20th December 2012
Having already read ‘Ways of Seeing’ by John Berger, I erroneously expected this book to be in a similar vein, light and witty and a really good read. The part by Jean Mohr was, but I’m afraid I found John Berger’s contribution a great disappointment, somewhat stodgy and a diversion from what I considered the best parts, Jean Mohr’s experiences as a photographer.
The short, illustrated stories of the things that are said and happen to a professional photographer are very instructive. I found two I liked particularly; the extended one where he spent some time with a farmer in the alpage, and the non-nonsense common sense remarks that came his way from the farmer, along with some wonderful images of how he lived. The other is of the blind girl in India, and the poignancy of her situation against the care-free images she allowed Mohr to make.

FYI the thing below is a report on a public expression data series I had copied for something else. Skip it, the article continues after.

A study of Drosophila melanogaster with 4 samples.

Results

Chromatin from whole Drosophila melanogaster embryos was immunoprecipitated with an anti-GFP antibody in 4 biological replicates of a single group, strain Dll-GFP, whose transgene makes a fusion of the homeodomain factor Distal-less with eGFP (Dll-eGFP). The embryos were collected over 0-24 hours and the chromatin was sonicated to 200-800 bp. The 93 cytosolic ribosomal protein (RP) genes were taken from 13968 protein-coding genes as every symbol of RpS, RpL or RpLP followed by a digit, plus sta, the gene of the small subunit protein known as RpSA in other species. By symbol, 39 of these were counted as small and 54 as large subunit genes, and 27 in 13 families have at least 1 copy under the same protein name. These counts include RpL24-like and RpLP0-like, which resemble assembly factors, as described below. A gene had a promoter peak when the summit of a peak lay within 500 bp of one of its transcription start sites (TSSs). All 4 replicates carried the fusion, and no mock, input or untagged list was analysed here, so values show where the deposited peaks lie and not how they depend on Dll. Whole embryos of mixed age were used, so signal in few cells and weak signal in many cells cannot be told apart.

I also had a wonderful time going through the images that are said to be the interpretations of an old woman’s life. Interpretation has to be exercised by the viewer as much as by the editor and compositor, but it does have a feeling of memories the way the images flow into each other, disappear and are then revisited in different scale, much as we all do when musing about experiences.
Every image in the book is in black-and-white, and it hadn’t occurred to me that this was the case until I came to write this review, such is the way they work on the mind.
After completing this book, I took away an idea that images don’t need to have obvious captions, in fact no captions at all, provided a well worded introduction can set the scene for the viewer without making a definite statement as to what the viewer has to see. This fits well with the advice I’ve been given by my tutor much along the same lines and to see it in action within this book was a very forceful learning experience.